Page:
I just considered (after decades of reading and thinking about Godot) that Vladimir’s nickname could be read “Did I?” – this seems sufficiently appropriate for the “mental” one of the pair that I wonder if Beckett might have intended that play on words. “Gogo” is pretty obvious, I would think; hence his foot problems.
I also love the way Beckett critiques the audience – rarely in other works, but several times in Godot. Breaking the fourth wall is one of my favorite conceits, although it has to be done very carefully or it’s just a gimmick (I always felt there was too much Godot in Rosencrantz & Guildenstern Are Dead).
Right at the beginning, about 8 pages in, Estragon turns his back on the audience, “Charming spot,” and then faces the audience with, “Inspiring prospects.” Then he turns to Didi and says, “Let’s go.”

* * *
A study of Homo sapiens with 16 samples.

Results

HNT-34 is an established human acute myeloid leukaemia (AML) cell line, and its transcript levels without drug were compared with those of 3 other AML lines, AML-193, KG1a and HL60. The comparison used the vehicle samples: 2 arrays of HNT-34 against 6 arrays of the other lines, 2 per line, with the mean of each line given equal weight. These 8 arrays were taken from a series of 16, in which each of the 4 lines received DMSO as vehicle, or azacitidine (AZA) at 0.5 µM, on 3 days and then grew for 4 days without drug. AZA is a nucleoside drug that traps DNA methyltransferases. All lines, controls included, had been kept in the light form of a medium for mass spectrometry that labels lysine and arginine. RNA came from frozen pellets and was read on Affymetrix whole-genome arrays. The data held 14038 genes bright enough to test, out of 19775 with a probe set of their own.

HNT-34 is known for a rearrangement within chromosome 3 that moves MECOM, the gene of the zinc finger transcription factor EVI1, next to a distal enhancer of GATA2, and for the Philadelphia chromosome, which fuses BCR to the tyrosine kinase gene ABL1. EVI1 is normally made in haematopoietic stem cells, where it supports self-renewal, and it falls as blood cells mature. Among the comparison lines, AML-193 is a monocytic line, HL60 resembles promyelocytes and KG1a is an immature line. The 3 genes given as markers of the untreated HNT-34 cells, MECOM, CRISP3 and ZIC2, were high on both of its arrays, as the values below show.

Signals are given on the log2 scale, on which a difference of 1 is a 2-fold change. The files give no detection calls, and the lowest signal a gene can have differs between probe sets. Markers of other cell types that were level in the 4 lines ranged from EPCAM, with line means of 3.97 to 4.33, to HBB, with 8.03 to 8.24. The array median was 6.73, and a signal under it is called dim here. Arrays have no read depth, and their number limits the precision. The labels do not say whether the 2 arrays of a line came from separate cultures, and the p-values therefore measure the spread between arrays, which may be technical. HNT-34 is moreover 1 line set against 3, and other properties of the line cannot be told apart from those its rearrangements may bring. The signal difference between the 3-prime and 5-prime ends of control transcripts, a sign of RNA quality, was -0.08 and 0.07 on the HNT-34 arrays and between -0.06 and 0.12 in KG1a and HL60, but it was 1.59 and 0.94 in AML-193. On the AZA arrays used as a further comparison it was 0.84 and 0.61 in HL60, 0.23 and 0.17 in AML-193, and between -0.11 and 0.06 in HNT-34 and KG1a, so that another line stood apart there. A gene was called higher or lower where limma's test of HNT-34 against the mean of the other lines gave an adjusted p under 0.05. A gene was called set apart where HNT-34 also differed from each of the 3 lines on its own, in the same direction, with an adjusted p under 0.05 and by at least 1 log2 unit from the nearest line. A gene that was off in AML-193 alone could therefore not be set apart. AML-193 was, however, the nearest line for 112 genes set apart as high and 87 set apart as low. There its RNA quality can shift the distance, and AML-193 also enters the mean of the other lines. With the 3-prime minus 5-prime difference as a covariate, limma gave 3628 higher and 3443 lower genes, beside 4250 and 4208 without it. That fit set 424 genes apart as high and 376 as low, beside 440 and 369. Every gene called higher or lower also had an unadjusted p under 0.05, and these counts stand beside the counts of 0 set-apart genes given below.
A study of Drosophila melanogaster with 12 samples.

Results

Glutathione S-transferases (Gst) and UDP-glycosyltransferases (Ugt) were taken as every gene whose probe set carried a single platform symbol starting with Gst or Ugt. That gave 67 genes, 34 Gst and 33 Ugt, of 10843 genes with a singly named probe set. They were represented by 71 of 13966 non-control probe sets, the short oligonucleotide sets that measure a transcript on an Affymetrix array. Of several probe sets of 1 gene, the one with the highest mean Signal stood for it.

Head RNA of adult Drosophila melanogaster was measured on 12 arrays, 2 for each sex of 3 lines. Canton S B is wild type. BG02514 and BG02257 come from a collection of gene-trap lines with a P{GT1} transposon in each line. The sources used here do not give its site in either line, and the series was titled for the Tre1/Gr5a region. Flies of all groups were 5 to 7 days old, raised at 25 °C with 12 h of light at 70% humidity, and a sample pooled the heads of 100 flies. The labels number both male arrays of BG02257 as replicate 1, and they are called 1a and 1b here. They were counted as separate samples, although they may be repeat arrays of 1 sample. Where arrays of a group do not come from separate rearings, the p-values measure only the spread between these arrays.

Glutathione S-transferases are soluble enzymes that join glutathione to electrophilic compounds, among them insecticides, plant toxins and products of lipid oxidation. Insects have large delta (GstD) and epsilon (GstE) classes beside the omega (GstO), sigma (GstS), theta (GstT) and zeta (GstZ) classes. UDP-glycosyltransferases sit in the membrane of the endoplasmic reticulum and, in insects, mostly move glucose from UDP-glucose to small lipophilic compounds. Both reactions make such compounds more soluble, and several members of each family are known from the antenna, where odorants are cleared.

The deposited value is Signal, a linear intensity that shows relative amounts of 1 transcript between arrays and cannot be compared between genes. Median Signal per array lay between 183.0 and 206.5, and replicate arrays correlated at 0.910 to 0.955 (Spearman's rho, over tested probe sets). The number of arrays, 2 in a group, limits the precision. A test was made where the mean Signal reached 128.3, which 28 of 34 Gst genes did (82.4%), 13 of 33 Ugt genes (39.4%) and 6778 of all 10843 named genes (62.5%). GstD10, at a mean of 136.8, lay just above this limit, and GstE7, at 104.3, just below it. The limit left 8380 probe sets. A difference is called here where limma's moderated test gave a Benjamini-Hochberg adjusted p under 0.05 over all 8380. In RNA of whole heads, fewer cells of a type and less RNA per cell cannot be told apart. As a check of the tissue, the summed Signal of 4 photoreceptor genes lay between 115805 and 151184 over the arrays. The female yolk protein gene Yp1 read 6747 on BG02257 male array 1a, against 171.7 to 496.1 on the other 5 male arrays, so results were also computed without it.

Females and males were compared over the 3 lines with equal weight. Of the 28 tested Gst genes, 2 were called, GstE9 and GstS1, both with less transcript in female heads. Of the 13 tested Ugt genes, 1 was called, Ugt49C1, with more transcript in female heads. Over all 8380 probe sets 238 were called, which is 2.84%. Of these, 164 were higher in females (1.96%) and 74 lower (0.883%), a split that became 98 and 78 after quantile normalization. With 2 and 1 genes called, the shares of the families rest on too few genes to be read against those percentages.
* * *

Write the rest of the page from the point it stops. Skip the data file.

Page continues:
In Act II, when blind Pozzo asks, “Is this by any chance the place known as ‘the Board’?”, Didi never heard of it, and Gogo says, “It’s indescribable. It’s like nothing. There’s nothing. There’s a tree,” to which Pozzo replies, “Then it’s not the Board.” In the UK, of course, everyone knows that the Elizabethan actors all “trod the board.”
But at the beginning of Act II Gogo and Didi really attack the audience:
Vladimir: Where are all these corpses from?
Estragon: These skeletons.
Vladimir: A charnel house! A charnel house!
Estragon: You don’t have to look.
Vladimir: You can’t help looking.
Vladimir: Try as one may.
A charnel house is, appropriately, a place where disinterred bones are stored, when they are exhumed to make room for the more recent dead. Not unlike a theatre with an unresponsive audience.
I should also provide a link to a brief photographic homage to Godot that I created a few years back: https://vimeo.com/16134190.